Halt final TfL payment to Garden Bridge Trust, says shadow minister Andy McDonald

Preparations to pay the charity behind the Garden Bridge project its final multi-million pound chunk of public money should be suspended, the shadow transport secretary has said

The Garden Bridge Trust recently wrote to its public sector sponsor Transport for London with a request for up to £9 million of public money earmarked in an underwriting agreement provided by the Department for Transport (DfT).

However, Labour politicians including shadow transport secretary Andy McDonald have now called on TfL to withhold the money in the wake of a new legal opinion by a QC recently revealed by the AJ, raising the prospect of limiting the aborted scheme’s cost to the taxpayer, currently estimated at £46 million.

Jason Coppel, an expert in public and procurement law, said it was ‘likely’ that the trustees breached their legal duties to act with reasonable skill and care, ‘in particular in relation to the conclusion of the construction contract with Bouygues’, although he added that a claim against the trustees would not be straightforward due to the difficulty of any potential claimant proving they had suffered loss.

While Coppel’s opinion is understood to be strongly denied by the trustees, Labour London Assembly member Tom Copley has now written to TfL commissioner Mike Brown, attaching Coppel’s legal opinion and calling on Brown to ‘halt any payment of further public money to the trust’ until TfL had obtained its own legal advice over whether trustees had indeed breached their legal duties.

Copley’s intervention was backed by McDonald, the second shadow cabinet member to raise serious questions over the actions of the Garden Bridge Trust in recent weeks after repeated calls for a new Parliamentary inquiry were made by shadow communities secretary Andrew Gwynne.

McDonald said: ‘It’s the right thing to do by taxpayers to attempt to recover every penny possible from Boris Johnson’s scandalous Garden Bridge vanity project.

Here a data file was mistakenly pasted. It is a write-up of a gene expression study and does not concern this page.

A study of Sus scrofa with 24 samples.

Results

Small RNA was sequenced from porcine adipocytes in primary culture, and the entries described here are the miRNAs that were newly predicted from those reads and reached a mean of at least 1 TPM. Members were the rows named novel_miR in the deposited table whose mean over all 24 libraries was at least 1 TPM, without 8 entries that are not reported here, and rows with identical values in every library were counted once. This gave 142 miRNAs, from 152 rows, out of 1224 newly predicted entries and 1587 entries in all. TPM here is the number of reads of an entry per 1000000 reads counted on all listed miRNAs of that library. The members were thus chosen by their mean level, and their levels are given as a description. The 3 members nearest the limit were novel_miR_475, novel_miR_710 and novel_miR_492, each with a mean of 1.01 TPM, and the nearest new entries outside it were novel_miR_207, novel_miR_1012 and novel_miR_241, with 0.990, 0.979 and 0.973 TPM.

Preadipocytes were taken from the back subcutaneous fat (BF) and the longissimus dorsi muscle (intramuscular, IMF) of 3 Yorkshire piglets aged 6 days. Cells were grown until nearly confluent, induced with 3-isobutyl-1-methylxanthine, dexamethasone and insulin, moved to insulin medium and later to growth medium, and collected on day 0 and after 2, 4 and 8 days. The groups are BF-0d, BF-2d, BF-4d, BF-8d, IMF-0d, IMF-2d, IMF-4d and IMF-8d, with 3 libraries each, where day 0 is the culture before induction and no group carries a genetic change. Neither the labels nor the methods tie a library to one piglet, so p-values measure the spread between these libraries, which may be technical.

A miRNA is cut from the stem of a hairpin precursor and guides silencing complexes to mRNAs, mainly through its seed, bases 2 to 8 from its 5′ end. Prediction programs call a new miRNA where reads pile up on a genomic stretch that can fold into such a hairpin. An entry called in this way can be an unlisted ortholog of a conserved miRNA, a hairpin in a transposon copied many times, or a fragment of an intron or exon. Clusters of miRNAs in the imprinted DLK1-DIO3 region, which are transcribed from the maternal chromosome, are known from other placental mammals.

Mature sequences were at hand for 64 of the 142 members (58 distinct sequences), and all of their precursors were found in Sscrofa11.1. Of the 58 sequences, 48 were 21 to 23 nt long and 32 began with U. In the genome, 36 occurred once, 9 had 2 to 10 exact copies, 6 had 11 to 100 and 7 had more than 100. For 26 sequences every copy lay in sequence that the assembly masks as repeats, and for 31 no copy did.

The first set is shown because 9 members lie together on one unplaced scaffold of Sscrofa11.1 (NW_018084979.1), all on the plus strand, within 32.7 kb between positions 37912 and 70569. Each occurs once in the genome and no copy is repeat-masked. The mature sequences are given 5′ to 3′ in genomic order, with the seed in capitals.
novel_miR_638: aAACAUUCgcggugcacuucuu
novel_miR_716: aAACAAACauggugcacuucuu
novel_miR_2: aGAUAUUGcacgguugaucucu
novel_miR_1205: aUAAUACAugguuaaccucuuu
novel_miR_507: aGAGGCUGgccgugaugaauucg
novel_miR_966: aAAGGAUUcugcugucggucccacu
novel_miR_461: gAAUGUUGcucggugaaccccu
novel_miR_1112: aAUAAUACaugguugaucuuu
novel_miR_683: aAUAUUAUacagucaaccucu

‘The taxpayer’s interest must be the priority, and that means using whatever legal means are available in order to limit the cost to the public purse.’

In his letter to Brown, which was copied to London mayor Sadiq Khan and the Charity Commission and was dated August 7, Copley wrote: ‘It has come to my attention that the Garden Bridge Trust has yet to draw down the £9 million of public money provided by the DfT, but has recently made a request to do so which TfL is reviewing.

‘I’m sure you will have seen the opinion of Jason Coppel QC … in light of this opinion from an eminent QC, which I attach, I’m writing to ask you to halt any payment of further public money to the trust until you have sought legal advice as to whether TfL can withhold further payments on the grounds that the trustees may have breached their legal duties. If this is the case it should be the trustees that are liable, not the taxpayer.’

In its latest set of accounts, published recently by the Charity Commission after being submitted more than 150 days late, the trust estimated that it would request £5.5 million or less of the £9 million underwriting facility from TfL in order to meet its financial liabilities.

The DfT’s guarantee was controversially provided in 2016 by then transport secretary Patrick McLoughlin in the face of strong opposition from the department’s then permanent secretary Philip Rutnam.

Brown has yet to reply to Copley but a TfL spokesperson said: ‘The Garden Bridge Trust has written to TfL with a request for payment under the underwriting agreement. We are currently reviewing their request.’

The Garden Bridge Trust is currently in the process of winding up and trustees were unavailable for comment.